Red Line Productions’ “exhilarating new interpretation” of Howard Barker’s series of short plays, The Possibilities, was, in fact, exhausting. The opening playlet was The Weaver’s Ecstasy at the Discovery of New Colour, a scene of weavers trying to maintain normality and keep focused on their business as a siege closes in on their city and a blanket of blood seeps toward their door. Loud screeches, the sounds of gunfire and the panic-stricken wife of the weaver darting to and fro manically as crimson fabric creeps across the stage created a crackling atmosphere. However, once the actors had hit that high note it seemed impossible to recreate the excitement in any of the other scenes.

The purpose of Howard Barker’s work is to divide the audience and provoke an individual response, denying the catharsis of a shared experience and leaving moral questions unresolved. However, although I found the scenes brutal in their content, I also found many of them difficult to follow and, frankly, found myself foreseeing the grisly resolution and patiently waiting for all the shouting to be over. The direction seemed to lack purpose and to focus on caricaturing the characters in each scene – for example a sadistic character in a position of power would roll their ‘r’s and arch their eyebrows sarcastically. This was my main gripe with the piece – it didn’t get across whether it was supposed to be comic or tragic, and wasn’t played with enough subtlety to really get across either. As one of my fellow audience members commented, “it was just shouting throughout”, there was no gradual build-up of tension.

However, there were a few moments that I did find some light relief in, for example Only Some Can Take the Strain, which told the story of a bookseller of subversive texts who is wary of selling valuable knowledge to the wrong sort of buyer. The actors created a sinister atmosphere of absolute state control, but still managed to play up the comic moments, which contrasted with the rest of the material and brought to the fore actors who had so far played only minor parts. It may not have been the most deep and purposeful of the playlets but it most suited the caricaturing style of direction. Reasons for The Fall of Emperors also stood out because of the sensitive and vulnerable portrayal of an emperor (played by Jonathan Butler) brought low by the suffering his decisions have caused, however the comic portrayal of the peasant robbed the scene of its gravity.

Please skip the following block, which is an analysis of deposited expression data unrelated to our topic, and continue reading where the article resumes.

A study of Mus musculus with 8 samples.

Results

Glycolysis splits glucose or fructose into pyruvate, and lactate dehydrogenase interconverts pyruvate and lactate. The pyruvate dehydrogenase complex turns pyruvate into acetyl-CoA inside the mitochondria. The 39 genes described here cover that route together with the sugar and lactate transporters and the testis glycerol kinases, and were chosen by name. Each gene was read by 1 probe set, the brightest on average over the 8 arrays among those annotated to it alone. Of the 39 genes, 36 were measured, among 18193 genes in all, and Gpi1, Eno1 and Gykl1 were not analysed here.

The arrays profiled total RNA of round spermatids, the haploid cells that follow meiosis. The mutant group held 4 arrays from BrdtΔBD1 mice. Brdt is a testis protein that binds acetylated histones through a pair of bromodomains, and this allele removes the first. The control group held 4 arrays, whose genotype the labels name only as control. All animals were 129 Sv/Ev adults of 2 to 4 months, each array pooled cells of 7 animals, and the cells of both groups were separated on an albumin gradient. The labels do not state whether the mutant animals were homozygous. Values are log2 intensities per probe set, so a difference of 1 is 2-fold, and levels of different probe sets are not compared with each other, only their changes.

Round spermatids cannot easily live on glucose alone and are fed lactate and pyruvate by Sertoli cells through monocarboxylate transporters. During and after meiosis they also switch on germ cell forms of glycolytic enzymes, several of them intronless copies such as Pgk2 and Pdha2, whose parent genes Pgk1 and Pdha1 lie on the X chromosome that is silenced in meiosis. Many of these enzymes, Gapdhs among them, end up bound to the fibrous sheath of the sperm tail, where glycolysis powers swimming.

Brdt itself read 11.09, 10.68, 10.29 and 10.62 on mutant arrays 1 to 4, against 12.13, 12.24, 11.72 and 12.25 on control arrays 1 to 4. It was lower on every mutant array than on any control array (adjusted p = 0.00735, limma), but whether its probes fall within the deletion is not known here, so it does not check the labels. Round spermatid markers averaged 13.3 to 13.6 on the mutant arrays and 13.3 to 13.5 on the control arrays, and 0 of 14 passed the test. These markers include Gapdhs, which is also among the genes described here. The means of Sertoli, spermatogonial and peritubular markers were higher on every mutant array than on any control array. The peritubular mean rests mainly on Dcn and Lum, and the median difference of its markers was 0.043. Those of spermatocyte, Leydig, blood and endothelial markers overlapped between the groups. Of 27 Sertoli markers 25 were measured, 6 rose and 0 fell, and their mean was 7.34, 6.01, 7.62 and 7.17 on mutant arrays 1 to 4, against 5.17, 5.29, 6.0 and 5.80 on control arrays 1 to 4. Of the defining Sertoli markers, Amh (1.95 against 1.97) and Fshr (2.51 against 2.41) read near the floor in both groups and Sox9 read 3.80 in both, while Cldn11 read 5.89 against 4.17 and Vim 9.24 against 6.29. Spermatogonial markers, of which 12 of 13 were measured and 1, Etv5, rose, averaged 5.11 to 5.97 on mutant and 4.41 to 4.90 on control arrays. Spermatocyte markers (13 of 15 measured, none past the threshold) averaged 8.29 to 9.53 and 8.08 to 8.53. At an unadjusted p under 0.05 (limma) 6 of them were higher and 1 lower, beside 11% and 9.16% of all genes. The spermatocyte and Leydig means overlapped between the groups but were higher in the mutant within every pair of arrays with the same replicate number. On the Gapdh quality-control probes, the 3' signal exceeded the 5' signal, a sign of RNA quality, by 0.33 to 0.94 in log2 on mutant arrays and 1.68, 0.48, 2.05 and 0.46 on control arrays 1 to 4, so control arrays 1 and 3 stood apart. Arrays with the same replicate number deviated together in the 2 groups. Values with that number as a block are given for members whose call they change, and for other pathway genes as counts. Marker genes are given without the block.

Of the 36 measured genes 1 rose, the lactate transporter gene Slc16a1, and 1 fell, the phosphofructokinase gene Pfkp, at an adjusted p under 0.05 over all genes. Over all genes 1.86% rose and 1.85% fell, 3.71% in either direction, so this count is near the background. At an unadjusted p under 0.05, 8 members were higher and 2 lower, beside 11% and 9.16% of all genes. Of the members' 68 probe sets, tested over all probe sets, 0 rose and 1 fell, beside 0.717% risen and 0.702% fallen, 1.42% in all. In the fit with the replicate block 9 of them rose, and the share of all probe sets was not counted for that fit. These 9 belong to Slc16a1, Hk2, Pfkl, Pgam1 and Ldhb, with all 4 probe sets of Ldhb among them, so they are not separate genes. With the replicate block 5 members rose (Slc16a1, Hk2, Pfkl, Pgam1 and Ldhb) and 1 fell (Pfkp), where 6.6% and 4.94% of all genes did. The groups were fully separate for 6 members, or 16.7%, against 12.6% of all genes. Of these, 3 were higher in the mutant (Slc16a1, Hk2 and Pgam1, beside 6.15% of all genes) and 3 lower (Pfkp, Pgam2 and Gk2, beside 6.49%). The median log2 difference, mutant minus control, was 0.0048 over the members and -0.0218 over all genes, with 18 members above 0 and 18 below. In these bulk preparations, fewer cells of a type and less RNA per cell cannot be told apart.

The piece had its merits – the costumes were lovely and the simple set of concrete blocks scored with a bright red zigzag made a striking visual statement. The sparing use of props and the details such as the blanket of blood were affecting. However, I felt that the piece overall did not get across any sense of The Possibilities as the extreme situations that were being recreated lacked weight and pathos. I felt that the choreographed moments added nothing to the piece, and that the choice of contemporary music such as PJ Harvey, Regina Speckor and Queens of The Stone Age, while all musicians that I enjoy, gave the piece an amateur edge. Overall, although there were some moments that proved that some of the actors could act, overall it felt like the choices in the direction had turned those skills instead into a competition to be noticed for having the loudest voice or most twisted grimace.

The Possibilities is playing at the Tristan Bates Theatre until 19th November. For more information and tickets, see the Tristan Bates Theatre website here.